Not-for-profit aged care organisations have challenged the Labor Government to make sure older Australians are included in his government’s Australian Social Inclusion agenda.
In the lead up to last year’s federal election, the Labor party highlighted that despite close to two decades of economic growth, social disadvantage remained a national problem
In a policy document at the time, it outlined a plan for an Australia where all people can “build a rewarding social and economic life”.
The Brotherhood of St Laurence’s General Manager of Aged and Community Care, Sandra Hills (pictured) has welcomed the policy agenda from the new government, but stressed that a national approach to disadvantage must include strategies to include older citizens.
“If the supports are not in place to assist disadvantaged older people to participate in the life of their community the risk of older people losing their voice and becoming faceless is very real,” she said.
Ms Hills also said that much can be learned from the Blair Labour Government’s approach to social inclusion in the UK.
“Unlike the situation in the UK however, where it took several years for older people to make it onto the agenda, the Brotherhood hopes that…ageing and aged care policy [must be] given higher priority in the development of a social inclusion policy in Australia,” she said.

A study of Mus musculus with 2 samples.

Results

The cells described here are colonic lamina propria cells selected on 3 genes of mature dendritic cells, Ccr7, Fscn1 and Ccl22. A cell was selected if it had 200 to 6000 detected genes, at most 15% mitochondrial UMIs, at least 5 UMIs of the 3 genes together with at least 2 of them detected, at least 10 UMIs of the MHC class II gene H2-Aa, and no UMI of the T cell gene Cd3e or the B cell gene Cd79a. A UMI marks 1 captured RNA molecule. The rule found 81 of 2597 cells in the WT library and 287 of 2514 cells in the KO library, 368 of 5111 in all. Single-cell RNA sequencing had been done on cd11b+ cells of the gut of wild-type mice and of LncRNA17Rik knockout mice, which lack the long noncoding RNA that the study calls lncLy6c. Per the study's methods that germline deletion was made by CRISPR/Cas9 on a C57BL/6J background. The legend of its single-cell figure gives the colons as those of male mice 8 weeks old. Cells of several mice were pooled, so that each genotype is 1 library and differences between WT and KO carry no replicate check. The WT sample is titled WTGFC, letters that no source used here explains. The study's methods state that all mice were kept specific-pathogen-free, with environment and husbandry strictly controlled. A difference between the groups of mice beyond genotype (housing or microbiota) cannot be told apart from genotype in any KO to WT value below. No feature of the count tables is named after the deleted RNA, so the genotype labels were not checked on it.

Aged and Community Services Australia, the national peak body for not-for-profit aged care providers, has also voiced a need for policies which addressing the inclusion of older Australians.
In its federal budget submission, the association said aged care providers need assistance to provide relevant support to elderly people.
“Social exclusion can be more complex for older people as they experience age discrimination, major life events such as bereavement and may have been excluded in other stages of their life,” the submission said.
“Services need to be more responsive to effectively address social exclusion.”
In particular, it called on the government to implement policies to assist older people with indigenous and culturally and linguistically diverse (CALDs) backgrounds, as well as those experiencing abuse.
See Sandra Hill’s full opinion in the March/April print edition of Australian Ageing Agenda.